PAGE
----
Anything You Want
Details: 101 mins, Spain,
Synopsis: Leo, Alicia and their four-year-old daughter, Dafne, live happily together in Madrid. But when Alicia dies suddenly, their comfortable family life is turned upside down, leaving bothLeo and Dafne desolate and stranded. While struggling to overcome his own grief, Leo must be both mother and father to Dafne.
A bizarre yet touching family drama.
SPANISH FILM FESTIVAL: There’ll be no film at this year’s Spanish Film Festival that is as brave as Achero Mañas’ cross-dressing gender/parental dissection, Anything You Want. It’s one thing to accept the premise that a widower would don drag to help his pre-school tot cope with the sudden death of her mother; it’s quite another to watch it play out. Expect Australian audiences to be split right down the middle in their opinion of this film, festival director Natalia Ortiz’s boldest programming move in some time.
The strikingly handsome Juan Diego Botto plays alpha male Leo, a self-absorbed mid-level law firm partner whose upwardly mobile life is thrown into disarray when his wife Alicia (Ana Risueño) experiences a very public and fatal epileptic seizure. (The scene is as horrible as it sounds.) Leo is left with his daughter Dafne (Lucía Fernández), who is flesh and blood but for all intents and purposes, is as distant as the family court clients he deals with daily.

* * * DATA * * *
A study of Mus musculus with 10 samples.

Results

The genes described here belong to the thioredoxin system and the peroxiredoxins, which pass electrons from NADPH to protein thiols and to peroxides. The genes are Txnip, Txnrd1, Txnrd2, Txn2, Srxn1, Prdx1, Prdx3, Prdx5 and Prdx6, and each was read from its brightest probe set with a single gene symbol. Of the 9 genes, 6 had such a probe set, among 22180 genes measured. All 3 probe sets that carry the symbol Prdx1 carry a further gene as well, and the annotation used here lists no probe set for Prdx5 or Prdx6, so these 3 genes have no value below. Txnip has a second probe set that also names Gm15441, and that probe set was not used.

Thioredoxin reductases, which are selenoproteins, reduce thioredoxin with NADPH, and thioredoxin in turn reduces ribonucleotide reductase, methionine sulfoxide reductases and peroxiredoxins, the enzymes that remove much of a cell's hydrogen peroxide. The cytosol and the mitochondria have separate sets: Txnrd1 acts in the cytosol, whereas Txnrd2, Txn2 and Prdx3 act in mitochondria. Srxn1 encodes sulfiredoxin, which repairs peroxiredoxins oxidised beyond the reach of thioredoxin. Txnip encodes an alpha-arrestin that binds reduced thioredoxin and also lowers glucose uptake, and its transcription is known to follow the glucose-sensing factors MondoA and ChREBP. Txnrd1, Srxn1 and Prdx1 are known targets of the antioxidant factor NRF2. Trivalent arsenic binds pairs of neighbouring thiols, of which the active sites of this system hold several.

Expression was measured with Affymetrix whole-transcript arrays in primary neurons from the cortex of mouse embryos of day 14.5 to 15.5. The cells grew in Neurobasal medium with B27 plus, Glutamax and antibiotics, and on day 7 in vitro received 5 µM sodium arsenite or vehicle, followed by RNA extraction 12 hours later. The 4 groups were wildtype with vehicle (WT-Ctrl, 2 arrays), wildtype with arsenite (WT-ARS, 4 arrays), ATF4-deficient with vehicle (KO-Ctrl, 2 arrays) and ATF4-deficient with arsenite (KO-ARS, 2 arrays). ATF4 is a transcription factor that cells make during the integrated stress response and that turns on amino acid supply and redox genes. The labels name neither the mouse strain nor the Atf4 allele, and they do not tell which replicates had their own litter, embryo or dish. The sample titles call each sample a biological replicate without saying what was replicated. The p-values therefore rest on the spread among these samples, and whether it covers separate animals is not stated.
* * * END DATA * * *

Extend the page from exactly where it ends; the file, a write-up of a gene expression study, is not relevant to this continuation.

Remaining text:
Unable to connect with Dafne, Leo grasps for insight into the child’s mental state in any way he can. The child responds most to Leo’s ex, Marta (Najwa Nimri), and this development inspires him to assume a feminine appearance so as to placate the child’s grief. Soon, Leo is ‘Fake Mum’; his own function as a father is all but negated, and the masculine role he once played has disappeared in the eyes of Dafne. A profoundly existential conundrum messes with Leo’s psyche: Should he assert himself as the father figure or subvert his reality to appease his grieving child?
Mañas succinctly touches upon the accepted social mores such a concept calls into question, acknowledging the attitudes of family and friends as reflections of the larger community’s tunnel vision view of parenting. But this is Leo’s and Dafne’s tale, an achingly personal drama that asks as much of its audience as it does of its leads. What would you do to ensure your family’s happiness? Would you walk the streets in a wig and skirt if it helped your only child cope with losing her mother?
The writer/director’s narrative goes off the rails somewhat when Leo takes his charade public. The reactions of hotel clerks and waiters to a transvestite accompanied by a young child are entirely plausible and highlight the great leap in faith audiences need to take to make Mañas’ film succeed.
All aspects of Anything You Want are expertly handled. Botto is truly leading man material; Fernández is supremely natural in her debut performance. The extended scenes establishing the daddy-daughter dynamic are superb. Sentimental moments that would have played to the back row in the hands of Hollywood hacks are gently and smoothly realised by Mañas and his cast (though wildly weepy passages are assured, I promise).
The narrative pulls a long bow but an open heart and broad mind are crucial to enjoying the film. Some will buy into the emotion of the relationship; others will find it ludicrous. Those willing to embrace the cross-dressing conceit will be entranced.